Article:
The Australian hospital sector is facing growing pressure, not least around funding. The states are struggling to come up with the funds to fill the gap left by the Commonwealth’s 2014 budget announcement that it will reduce the levels of federal hospital funding from next year.
Australia’s health system is a network of service providers, rather than a single, coherent system. The rules around funding and access – even within a single hospital – are often different, making it difficult for patients to navigate their health-care journey.
Another feature of a system with multiple interfaces between services is queues. Australian patients do an awful lot of waiting. It’s not just inconvenient to the patient, it can result in increased cost of care and reduced health outcomes.
Proposed solutions usually focus on the need for more resources, be it money, beds or staff. But fixing the hospital system is not just a matter of more and more funds. We don’t necessarily need to increase funding to the public hospital system, we need to make better use of what we’ve got. Hospitals need to work smarter, not harder.
The health sector can learn from other industries that turn to operations research(“modelling”) to fix everyday challenges. Take check out lines, for example. Rather than customers having to choose which queue to join – and face uncertain wait times – some retailers are now introducing single queues designed to provide the quickest service time to all customers based on a first come, first served basis.
The health system is yet to routinely embrace this style of modelling, systems thinking and design thinking to reduce hospital waiting times, boost quality and improve patients’ experiences. But there are pockets of excellence we can learn from – in the United Kingdom and at home.
The National Health Service (NHS) in Wales has created a modelling unit that’s embedded in hospitals to help redesign services in a more connected way. This has improved rostering of the workforce, led to better decisions on where to locate services, and optimised operating room schedules to avoid unnecessary patient cancellations.
The resulting impact has included net efficiency gains of £1.6m (A$3m) per year in one emergency department. More importantly, it has reduced the rates of early death among stroke patients by 60%.
Similarly, the Cumberland Initiative, a change management collaboration in the United Kingdom, estimates that adopting a systems-improvement approach to the National Health Service could save 20% of the NHS budget, which could then be redirected to improving health care.
Australia is also making some progress. The General Medicine team at Monash Health in Victoria has improved patient flows, which allowed 34% more patients to be treated. Without these changes, at least an additional 110 beds would have been required. This has saved a conservative A$10 million a year in operating costs.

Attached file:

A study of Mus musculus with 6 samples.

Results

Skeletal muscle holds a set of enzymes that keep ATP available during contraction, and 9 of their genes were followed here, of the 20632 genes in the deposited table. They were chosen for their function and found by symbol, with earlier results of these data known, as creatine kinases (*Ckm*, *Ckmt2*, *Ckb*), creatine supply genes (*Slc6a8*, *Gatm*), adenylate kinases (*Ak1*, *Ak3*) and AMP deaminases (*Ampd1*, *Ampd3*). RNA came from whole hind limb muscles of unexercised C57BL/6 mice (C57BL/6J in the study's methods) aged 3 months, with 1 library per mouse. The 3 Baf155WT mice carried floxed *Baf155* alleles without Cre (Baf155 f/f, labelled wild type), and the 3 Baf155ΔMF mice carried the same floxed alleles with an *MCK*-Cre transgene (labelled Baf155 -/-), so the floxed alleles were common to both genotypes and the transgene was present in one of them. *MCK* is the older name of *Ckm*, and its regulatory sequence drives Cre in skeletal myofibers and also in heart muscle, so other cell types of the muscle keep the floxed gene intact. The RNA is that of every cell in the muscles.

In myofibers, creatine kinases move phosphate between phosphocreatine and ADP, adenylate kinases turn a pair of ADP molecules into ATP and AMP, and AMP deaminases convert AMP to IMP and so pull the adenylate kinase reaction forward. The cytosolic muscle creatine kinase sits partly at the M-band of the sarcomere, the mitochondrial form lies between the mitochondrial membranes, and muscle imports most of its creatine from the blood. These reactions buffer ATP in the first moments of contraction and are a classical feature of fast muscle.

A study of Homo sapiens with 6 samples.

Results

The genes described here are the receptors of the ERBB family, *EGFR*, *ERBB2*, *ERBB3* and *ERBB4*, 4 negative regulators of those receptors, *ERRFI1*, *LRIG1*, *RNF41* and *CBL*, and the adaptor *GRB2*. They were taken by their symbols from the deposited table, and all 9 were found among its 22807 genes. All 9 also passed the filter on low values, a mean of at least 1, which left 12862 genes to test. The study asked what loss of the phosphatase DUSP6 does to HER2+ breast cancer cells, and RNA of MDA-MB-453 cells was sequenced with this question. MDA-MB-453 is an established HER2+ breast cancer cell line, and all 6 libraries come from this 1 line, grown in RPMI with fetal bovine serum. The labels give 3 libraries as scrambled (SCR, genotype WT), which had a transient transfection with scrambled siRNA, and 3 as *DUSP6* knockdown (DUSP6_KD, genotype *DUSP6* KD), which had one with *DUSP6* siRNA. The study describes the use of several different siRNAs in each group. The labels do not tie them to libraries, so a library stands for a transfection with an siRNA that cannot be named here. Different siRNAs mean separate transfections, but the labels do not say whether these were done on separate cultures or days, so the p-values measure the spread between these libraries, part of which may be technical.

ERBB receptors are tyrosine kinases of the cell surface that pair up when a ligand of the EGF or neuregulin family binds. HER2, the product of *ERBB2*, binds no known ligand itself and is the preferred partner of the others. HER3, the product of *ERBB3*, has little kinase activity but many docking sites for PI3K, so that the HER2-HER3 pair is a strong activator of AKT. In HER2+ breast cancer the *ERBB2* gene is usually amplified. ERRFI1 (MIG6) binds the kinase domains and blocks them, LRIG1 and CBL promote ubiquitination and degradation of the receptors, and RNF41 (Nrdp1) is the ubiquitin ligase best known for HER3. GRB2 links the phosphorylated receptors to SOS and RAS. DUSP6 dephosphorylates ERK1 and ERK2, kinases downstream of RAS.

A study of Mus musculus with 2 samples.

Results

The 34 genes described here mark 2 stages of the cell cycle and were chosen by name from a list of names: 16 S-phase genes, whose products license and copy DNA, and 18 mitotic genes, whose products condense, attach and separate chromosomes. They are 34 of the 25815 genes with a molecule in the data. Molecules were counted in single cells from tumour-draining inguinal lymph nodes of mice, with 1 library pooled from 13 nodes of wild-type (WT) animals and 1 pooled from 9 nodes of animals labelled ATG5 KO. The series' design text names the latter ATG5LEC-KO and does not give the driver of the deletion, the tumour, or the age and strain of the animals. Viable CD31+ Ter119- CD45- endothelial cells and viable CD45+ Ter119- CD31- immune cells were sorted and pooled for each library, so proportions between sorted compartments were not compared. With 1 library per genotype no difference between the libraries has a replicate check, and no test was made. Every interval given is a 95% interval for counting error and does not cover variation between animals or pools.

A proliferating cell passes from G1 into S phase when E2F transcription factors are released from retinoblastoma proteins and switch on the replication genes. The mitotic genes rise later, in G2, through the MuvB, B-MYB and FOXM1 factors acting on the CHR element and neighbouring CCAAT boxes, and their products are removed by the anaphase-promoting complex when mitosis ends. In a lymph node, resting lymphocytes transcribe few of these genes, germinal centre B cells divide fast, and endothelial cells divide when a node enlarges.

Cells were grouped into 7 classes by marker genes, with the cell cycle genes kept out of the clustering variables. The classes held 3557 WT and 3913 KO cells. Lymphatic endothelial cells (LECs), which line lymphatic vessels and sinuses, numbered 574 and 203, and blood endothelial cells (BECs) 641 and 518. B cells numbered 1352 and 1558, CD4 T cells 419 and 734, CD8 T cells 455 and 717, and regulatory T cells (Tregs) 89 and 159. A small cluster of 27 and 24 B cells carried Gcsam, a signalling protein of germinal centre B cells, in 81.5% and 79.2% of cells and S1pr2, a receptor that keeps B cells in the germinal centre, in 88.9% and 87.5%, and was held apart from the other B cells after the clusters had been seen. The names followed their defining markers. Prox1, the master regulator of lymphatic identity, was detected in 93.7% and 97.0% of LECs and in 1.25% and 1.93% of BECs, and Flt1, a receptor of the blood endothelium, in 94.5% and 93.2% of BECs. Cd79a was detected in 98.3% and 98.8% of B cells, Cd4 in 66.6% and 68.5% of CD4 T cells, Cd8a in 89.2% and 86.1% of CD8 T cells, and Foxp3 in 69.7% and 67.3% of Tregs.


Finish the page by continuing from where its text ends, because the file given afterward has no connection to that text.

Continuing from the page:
At Victoria’s Florey Institute of Neuroscience and Mental Health, researchers have been modelling how stroke care can be improved. When someone has an acute ischaemic stroke, a blood clot is blocking vital blood supply to the brain. Dissolving this clot is one of the only two therapies shown to improve patient outcomes.
But patient outcomes worsen when there are any delays to treatment, either within hospitals or en route. And the median in-hospital delay is 70 to 80 minutes.
The Florey researchers showed that small reductions in the time between the start of symptoms and therapy can produce significant improvements in outcomes. Armed with such knowledge the patient treatment pathways can be improved to reduce the time to treatment and reduce disability in these patients.
Better patient outcomes and reduced disability means reduced cost to the system.
How can the health system benefit?
Other industries would not undertake significant investment in new capital infrastructure or reform projects without employing such methods. Yet just a handful of Australian hospitals are approaching hospital planning, efficiency improvements and quality improvement in ways that rival big business in terms of using operations research methods. Most are not.
State governments are currently considering how to improve quality and safety in Australia’s hospitals – and they want to achieve efficiencies too. What’s needed is sustained endeavour, an openness to accept that other industries have developed methods that can help health and a willingness to try. Those in Cardiff and also in Monash have achieved much with relatively little by embedding modellers into health care organisations.
This will require clinicians, health managers, and systems modellers and designers to work together – and acknowledge that while hospital staff do great work, we can do better by giving them better tools to help tackle the challenges they face. This is precisely what governments are also seeking: universities working with industry to achieve innovation.
This article originally appeared on The Conversation.
About the authors: Mark Mackay is a Senior Lecturer, Health Care Management, School of Medicine, Flinders University; Campbell Thompson is a Professor of Medicine, University of Adelaide and Don Campbell is a Professor of Medicine, at Monash University.
The following people also contributed to this article: Keith Stockman, Manager Operations Research, General Medicine, Monash Health; Peter Lacey, Founding Partner of Whole Systems Partnership; Douglas McKelvie of the Symmetric Partnership; Claire Cordeaux, Executive Director, Health and Social Care SIMUL8 Corporation; Laurent Debenedetti, Healthcare Management Consulting, Director Gordian Laser Ltd; Dale Ward Partner, Consultant, Consilium Technology; John King, Ethos Partnership, Ethos Health, Ltd.; and Ian Gibson, Managing Director of Healthcare Delivery Modelling.